Tuesday, April 24, 2007

How room color affects your mood...

Color can influence our mood and our thoughts. Colors affect people in many ways, depending upon one’s age, gender, ethnic background or local climate. Certain colors or groups of colors tend to get a similar reaction from most people - the overall difference being in the shade or tones used.

Red raises a room’s energy level. It’s a good choice when you want to stir up excitement, particularly at night. In the living room or dining room, red draws people together and stimulates conversation. In an entryway, it creates a strong first impression.


Yellow captures the joy of sunshine and communicates happiness. It’s perfect for kitchens, dining rooms, and bathrooms, where happy color is energizing and uplifting. In halls, entries, and small spaces, yellow can feel expansive and welcoming.

Blue brings down blood pressure and slows respiration and heart rate. That’s why it’s considered calming, relaxing, and serene, and is often recommended for bedrooms and bathrooms. Be careful, however: A pastel blue that looks pretty on the paint chip can come across as unpleasantly chilly when it’s on the walls and furnishings, especially in a room that receives little natural light.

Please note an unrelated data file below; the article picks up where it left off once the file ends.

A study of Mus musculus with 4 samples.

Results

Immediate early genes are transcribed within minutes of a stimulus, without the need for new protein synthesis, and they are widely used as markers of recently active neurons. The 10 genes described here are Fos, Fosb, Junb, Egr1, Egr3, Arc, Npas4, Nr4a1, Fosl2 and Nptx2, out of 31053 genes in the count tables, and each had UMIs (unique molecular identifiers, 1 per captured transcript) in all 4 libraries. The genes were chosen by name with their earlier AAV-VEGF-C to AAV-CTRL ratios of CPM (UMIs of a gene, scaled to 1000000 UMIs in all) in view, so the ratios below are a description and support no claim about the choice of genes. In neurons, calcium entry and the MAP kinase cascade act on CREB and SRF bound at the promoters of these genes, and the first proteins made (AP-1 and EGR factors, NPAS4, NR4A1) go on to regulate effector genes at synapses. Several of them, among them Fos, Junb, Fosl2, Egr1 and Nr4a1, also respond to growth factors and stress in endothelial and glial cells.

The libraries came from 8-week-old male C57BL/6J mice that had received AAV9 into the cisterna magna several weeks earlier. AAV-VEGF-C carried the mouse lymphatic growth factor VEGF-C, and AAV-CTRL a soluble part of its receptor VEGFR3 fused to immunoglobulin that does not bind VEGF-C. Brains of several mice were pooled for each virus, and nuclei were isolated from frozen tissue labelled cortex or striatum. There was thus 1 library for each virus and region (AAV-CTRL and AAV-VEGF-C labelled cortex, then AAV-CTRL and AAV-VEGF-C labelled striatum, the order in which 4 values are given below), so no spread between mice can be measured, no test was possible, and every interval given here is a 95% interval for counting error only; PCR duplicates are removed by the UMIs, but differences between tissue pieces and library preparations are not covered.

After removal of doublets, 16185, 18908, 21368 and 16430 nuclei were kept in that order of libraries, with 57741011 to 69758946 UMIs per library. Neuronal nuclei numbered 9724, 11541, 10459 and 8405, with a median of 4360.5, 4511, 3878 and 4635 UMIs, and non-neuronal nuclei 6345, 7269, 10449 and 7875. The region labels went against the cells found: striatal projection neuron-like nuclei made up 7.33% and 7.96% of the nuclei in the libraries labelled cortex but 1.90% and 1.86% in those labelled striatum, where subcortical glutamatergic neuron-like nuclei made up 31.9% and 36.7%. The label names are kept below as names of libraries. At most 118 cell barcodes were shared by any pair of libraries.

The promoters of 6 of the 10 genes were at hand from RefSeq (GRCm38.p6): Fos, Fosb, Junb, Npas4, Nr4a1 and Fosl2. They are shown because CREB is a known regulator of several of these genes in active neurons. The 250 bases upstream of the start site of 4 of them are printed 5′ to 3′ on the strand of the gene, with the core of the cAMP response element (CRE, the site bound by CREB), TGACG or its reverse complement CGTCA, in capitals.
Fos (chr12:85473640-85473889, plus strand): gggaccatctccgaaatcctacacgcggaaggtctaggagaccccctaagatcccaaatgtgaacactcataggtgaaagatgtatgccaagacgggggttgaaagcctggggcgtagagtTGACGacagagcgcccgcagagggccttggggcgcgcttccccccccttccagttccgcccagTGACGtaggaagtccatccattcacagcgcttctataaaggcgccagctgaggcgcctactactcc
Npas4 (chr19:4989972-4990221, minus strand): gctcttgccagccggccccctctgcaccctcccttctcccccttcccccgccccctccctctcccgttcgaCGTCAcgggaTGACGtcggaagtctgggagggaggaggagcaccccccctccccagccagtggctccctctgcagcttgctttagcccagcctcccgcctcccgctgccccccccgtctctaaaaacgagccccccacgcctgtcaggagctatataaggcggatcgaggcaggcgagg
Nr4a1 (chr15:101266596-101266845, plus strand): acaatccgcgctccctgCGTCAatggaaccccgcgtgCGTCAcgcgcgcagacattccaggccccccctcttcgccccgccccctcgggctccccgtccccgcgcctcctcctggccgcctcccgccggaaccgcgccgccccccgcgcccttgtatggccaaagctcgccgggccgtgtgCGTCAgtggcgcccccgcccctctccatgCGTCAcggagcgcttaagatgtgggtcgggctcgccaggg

Green is considered the most restful color for the eye. Combining the refreshing quality of blue and the cheerfulness of yellow, green is suited to almost any room in the house. In a kitchen, a sage or medium green cools things down.

Purple in its darkest values (eggplant, for example) is rich, dramatic, and sophisticated. It’s associated with luxury as well as creativity, and as an accent or secondary color, it gives a scheme depth.

Orange evokes excitement, enthusiasm and is an energetic color. While not a good idea for a living room or for bedrooms this color is great for an exercise room.

Neutrals (black, gray, white, and brown) are basic to the decorator’s tool kit. All-neutral schemes fall in and out of fashion, but their virtue lies in their flexibility: Add color to liven things up; subtract it to calm things down. Black is best used in small doses as an accent , indeed, some experts maintain that every room needs a touch of black to ground the color scheme and give it depth. Source.